Shares of Fort Worth-based Pier 1 Imports plummeted more than 13 percent on Thursday after the company reported weaker-than-expected first-quarter profits and lowered its forecast for the rest of the year.
But the news wasn’t all bad.
The home furnishings retailer said sales rose by 6.1 percent in the quarter, to $419.1 million, led by a surge in online sales. Pier 1 now projects that its e-commerce business, which was relaunched just two years ago, will generate at least $200 million in sales this fiscal year and $400 million next year. That would be about 20 percent of its business.
Still, profits were squeezed in the three months ended May 31 due to a “highly promotional” retail environment that has shoppers accustomed to getting a deal, said Alex W. Smith, president and chief executive officer.
The company reported net income of $15.1 million, or 16 cents per share, compared to $20.3 million, or 19 cents per share a year ago. Pier 1 lowered its full-year forecast to a range of $1.14 to $1.22 a share, down from previous guidance of $1.16 to $1.24.
On Wall Street, Pier 1 shares (ticker: PIR) closed down $2.40 at $15.86.
“In the near term, we expect the pressure on the gross profit rate to continue, and we are adjusting this year’s expectations accordingly,” Smith said during a conference call with analysts. “We’re very frustrated that we do not show year-over-year growth on the bottom line, particularly as our execution was significantly improved over last year. However, there are many positive take-aways from the quarter.”
Smith talked up the company’s progress in integrating its e-commerce business with its network of more than 1,000 brick-and-mortar stores. At the end of last year, executives said that online sales were 4 percent of total sales and that the company hoped to reach 10 percent by the end of next year.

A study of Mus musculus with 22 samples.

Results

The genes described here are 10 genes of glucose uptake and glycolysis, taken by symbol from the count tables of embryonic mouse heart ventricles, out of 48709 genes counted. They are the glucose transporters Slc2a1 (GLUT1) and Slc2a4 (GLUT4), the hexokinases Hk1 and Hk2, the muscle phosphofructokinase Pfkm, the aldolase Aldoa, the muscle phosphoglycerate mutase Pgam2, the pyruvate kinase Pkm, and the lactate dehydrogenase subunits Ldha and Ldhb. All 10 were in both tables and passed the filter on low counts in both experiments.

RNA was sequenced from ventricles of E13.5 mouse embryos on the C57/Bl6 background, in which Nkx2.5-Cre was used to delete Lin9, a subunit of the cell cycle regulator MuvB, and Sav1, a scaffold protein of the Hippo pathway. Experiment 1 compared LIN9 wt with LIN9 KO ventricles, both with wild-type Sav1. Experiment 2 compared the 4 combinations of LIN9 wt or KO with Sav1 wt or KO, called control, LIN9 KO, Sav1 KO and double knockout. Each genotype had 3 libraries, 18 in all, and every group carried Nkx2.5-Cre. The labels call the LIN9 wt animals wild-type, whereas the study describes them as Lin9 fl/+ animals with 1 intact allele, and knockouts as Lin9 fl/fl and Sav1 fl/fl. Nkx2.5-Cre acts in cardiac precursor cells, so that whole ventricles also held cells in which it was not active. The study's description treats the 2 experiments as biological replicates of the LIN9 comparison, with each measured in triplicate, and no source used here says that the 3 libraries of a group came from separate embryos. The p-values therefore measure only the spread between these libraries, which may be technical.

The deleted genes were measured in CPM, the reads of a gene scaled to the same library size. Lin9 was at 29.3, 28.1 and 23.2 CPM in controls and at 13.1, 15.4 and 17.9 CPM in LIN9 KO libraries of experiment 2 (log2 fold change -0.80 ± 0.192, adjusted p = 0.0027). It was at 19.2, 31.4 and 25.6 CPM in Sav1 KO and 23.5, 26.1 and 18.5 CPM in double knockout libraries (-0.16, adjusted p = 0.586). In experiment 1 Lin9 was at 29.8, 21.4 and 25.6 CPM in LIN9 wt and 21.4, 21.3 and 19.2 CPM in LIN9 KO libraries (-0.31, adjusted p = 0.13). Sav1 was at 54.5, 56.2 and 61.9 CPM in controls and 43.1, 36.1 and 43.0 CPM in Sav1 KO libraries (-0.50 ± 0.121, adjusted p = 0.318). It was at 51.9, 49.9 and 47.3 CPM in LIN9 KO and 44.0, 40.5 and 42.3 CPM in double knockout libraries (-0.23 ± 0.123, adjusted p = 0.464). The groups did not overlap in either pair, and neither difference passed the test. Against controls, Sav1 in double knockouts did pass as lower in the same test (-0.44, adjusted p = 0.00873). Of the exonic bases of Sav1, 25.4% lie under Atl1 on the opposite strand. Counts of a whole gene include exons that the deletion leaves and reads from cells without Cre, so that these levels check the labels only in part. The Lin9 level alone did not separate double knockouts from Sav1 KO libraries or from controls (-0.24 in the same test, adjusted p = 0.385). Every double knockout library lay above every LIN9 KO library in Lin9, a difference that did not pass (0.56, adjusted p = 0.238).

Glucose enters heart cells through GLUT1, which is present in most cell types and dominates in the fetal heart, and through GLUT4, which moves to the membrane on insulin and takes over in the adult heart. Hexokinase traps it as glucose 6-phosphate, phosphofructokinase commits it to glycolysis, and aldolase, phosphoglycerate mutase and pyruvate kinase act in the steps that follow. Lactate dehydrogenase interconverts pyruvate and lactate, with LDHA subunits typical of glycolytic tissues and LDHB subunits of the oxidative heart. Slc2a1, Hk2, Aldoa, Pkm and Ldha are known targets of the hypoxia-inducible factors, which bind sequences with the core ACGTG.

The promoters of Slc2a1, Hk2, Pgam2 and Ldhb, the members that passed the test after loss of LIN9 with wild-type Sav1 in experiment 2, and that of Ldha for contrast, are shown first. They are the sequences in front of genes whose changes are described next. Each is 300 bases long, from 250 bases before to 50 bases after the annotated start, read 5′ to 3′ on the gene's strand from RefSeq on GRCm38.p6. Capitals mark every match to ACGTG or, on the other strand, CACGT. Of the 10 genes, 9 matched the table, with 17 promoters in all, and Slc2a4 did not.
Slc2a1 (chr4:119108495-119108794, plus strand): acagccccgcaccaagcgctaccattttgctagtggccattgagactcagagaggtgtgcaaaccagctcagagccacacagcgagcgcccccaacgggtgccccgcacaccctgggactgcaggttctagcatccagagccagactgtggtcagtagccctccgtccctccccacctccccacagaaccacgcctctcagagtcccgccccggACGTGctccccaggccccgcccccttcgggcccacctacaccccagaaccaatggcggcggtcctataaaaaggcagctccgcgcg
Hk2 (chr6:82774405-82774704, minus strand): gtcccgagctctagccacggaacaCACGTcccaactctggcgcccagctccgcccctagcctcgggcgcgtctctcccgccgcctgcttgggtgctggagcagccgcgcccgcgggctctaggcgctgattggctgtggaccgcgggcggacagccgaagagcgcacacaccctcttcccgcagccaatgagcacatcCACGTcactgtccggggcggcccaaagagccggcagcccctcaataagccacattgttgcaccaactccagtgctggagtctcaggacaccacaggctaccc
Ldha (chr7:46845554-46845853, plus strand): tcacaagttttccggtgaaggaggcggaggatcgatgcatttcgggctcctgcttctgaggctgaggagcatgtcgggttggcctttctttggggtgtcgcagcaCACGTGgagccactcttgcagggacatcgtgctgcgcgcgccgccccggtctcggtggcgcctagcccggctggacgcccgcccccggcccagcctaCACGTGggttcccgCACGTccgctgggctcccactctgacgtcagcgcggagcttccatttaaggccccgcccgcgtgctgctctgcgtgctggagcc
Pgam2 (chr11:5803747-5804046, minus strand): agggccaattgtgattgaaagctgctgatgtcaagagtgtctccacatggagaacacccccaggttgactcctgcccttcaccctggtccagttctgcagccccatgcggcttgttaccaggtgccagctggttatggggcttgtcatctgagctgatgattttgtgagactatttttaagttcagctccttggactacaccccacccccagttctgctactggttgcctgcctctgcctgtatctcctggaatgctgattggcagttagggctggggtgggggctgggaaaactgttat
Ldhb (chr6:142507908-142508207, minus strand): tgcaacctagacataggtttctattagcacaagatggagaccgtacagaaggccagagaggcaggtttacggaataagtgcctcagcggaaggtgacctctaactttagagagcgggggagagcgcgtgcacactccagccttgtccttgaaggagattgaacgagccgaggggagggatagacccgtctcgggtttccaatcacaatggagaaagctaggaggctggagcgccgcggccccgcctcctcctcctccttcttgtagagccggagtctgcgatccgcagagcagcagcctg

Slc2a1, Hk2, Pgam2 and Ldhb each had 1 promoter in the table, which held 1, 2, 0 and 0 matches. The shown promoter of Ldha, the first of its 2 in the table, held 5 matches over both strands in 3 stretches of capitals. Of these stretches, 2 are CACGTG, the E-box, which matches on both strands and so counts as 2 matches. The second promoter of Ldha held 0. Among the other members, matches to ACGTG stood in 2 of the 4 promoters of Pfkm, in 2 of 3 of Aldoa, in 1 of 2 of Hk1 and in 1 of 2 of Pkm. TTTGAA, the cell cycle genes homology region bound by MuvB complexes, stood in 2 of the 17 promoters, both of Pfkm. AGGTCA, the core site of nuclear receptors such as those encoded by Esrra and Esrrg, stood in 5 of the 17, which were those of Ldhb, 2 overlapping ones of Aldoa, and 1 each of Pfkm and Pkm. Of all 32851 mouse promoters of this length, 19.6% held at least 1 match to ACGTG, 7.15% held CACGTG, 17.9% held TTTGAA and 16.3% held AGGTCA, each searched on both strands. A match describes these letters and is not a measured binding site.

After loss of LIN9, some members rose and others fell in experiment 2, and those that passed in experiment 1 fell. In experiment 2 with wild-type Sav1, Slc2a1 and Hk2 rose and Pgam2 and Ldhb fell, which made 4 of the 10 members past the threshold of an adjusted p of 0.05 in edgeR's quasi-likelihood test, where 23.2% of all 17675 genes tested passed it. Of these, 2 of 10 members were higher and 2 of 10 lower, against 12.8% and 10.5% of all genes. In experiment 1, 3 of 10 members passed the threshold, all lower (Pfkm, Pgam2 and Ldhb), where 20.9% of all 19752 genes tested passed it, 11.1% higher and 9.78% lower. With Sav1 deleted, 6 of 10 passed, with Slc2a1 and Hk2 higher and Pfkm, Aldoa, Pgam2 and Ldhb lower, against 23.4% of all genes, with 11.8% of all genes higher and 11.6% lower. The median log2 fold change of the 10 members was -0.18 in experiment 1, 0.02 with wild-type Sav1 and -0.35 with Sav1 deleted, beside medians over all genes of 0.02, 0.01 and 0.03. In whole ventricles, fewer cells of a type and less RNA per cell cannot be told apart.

On Thursday, Smith said online sales reached 9 percent of sales in the first quarter, though business at its traditional stores was disappointing, “impacted by soft traffic and a higher level of promotional activity than we anticipated.”
Smith told analysts it’s hard to tell whether the slowdown in store traffic “is representative of a permanent sea change in customer behavior or a temporary phenomenon.” But the pickup in e-commerce is tied to its stores through an “omni-channel” retail strategy known as 1 Pier 1.
Smith said a quarter of the retailer’s online transactions originated at brick-and-mortar stores, while a third of the orders placed in homes were picked up at stores.
Asked whether growing online sales would lead to fewer brick-and-mortar stores, Smith said that it’s possible and that the company will remain flexible with its real estate.
“You can be sure that as we look at the strength of our online business, in parallel with that, we are thinking how many stores we need to go with it,” Smith said.
Pier 1 is building a second fulfillment center in Columbus, Ohio, to handle its growing e-commerce business. Executives have said they expect the e-commerce business to be more profitable than its traditional retail trade.